University of South Florida

USF Health, Moffitt Cancer Center Launch Florida’s First Cardio-Oncology Program
New collaboration uses cutting-edge therapies to reduce risk of cardiovascular complications caused by cancer treatment

Approximately 30 percent of all cancer patients develop cardiovascular complications during treatment. USF Health and Moffitt Cancer Center are taking aim to reduce this risk by launching Florida’s first comprehensive academic Cardio-Oncology Program. The joint effort combines the expertise of cardiologists and oncologists to provide better care for cancer patients who have a history of cardiovascular disease or have developed cardiotoxic side effects from chemotherapy.

Cardio Oncology team 2015

Teaming up are, standing from left, Dr. Arthur Labovitz, Dr. Michael Alberts, Dr. Michael Fradley, Bernadette Shields, RN, cardio-oncology nurse coordinator at Moffitt, Dr. Roohi Ismail-Khan, and Larry Roy, administrator for the new Cardio-Oncology program.

“Cardiotoxicity is a common adverse effect of many cancer therapies. Anticancer drugs and radiation are designed to target and kill tumor cells, but there can also be collateral injury to other healthy tissues, such as the heart,” said Michael Fradley, MD, director of the new Cardio-Oncology Program and assistant professor of medicine in the USF Health Morsani College of Medicine.

It can be challenging to distinguish cardiotoxic side effects from those related to the cancer treatment itself, such as fatigue and shortness of breath. Knowing if a patient has a pre-existing heart condition before treatment can help physicians decide the most effective course of therapy.

In addition, there are now more than 12 million cancer survivors living in the United States and many of these patients have been exposed to cardiotoxic therapies.  The cardiovascular effects may not become apparent for five to ten years after completion of cancer therapy.  This comprehensive program will also work to provide longitudinal care to cancer survivors in order to minimize long term complications.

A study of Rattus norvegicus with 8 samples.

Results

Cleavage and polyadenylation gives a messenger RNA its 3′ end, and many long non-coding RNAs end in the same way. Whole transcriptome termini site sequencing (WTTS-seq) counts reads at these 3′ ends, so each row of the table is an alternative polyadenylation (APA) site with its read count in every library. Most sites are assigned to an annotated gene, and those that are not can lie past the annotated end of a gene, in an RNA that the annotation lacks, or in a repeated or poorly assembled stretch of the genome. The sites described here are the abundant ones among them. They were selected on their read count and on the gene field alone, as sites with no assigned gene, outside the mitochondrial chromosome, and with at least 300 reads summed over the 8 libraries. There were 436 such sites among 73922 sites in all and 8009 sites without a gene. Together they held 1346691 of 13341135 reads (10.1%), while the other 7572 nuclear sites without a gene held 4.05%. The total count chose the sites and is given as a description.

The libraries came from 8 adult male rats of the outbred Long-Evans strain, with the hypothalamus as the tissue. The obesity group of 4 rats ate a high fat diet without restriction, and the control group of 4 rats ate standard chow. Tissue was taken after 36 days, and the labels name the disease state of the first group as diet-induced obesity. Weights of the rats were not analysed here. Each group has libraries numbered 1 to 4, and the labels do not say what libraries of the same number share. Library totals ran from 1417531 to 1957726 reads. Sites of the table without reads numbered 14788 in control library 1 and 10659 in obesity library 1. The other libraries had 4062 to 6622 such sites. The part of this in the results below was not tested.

Dr. Fradley will work with Roohi Ismail-Khan, MD, a medical oncologist with the Center for Women’s Oncology at Moffitt.

“This program will have a great impact on our patients. While cardiotoxicity can affect all cancer types, we often see the effects in breast cancer patients. For example, Herceptin is an effective targeted therapy for patients with HER2 positive metastatic breast cancer, but research shows the drug may also lead to cardiovascular complications,” said Dr. Ismail-Khan.

“Cardio-oncology is a relatively new area that is rapidly developing. There are only a few such programs in the country that aim to improve the quality of care in patients with two of the most common diseases, cancer and heart disease,” said Arthur Labovitz, MD, chair of the Department of Cardiology in the USF Health Morsani College of Medicine. “Together, Moffitt and the USF Health Department of Cardiovascular Sciences will offer the latest and most comprehensive care available.”

Services offered by the new program will include:

  • Evaluation and management of patients with diagnoses of cardiovascular disease who are preparing for or are undergoing cancer treatment.
  • Treatment of patients who develop heart failure following treatments known to cause cardiac dysfunction, such as anthracyclines, Herceptin and radiation.
  • Assessment of the potential cardiovascular complications of new molecular-targeted cancer therapies, including arrhythmias, cardiomyopathy, cardiac ischemia and hypertension, with the goal of establishing tailored treatments for these complications.
  • Cardiovascular imaging including advanced 3D echocardiography systems to provide faster turnaround of results.
  • Preoperative cardiovascular evaluation for patients undergoing cancer surgery.

“This comprehensive approach of combining cardiologists and oncologists underscores Moffitt’s commitment to providing a multidisciplinary team approach to cancer care. Having a team of experts working together to develop and manage a patient’s treatment plan from the beginning gives our patients their best chance for beating cancer,” said W. Michael Alberts, MD, MBA, chief medical officer at Moffitt.

Cardio-Oncology Program patients will be seen at Moffitt, as well as the USF Health Morsani Center for Advanced Healthcare and USF Health South Tampa Center.  For more information, please call 813-745-2718.


About USF Health
USF Health’s mission is to envision and implement the future of health. It is the partnership of the USF Health Morsani College of Medicine, the College of Nursing, the College of Public Health, the College of Pharmacy, the School of Biomedical Sciences and the School of Physical Therapy and Rehabilitation Sciences; and the USF Physician’s Group. USF Health is an integral part of the University of South Florida, a high-impact, global research university dedicated to student success. For more information, visit

About Moffitt Cancer Center

Located in Tampa, Moffitt is one of only 41 National Cancer Institute-designated Comprehensive Cancer Centers, a distinction that recognizes Moffitt’s excellence in research, its contributions to clinical trials, prevention and cancer control. Moffitt is the top-ranked cancer hospital in Florida and has been listed in U.S. News & World Report as one of the “Best Hospitals” for cancer since 1999. With more than 4,500 employees, Moffitt has an economic impact on Florida of nearly $1.6 billion. For more information, visit, and follow the Moffitt momentum on Facebook, Twitter and YouTube.

Photo by Eric Younghans, USF Health Office of Communications.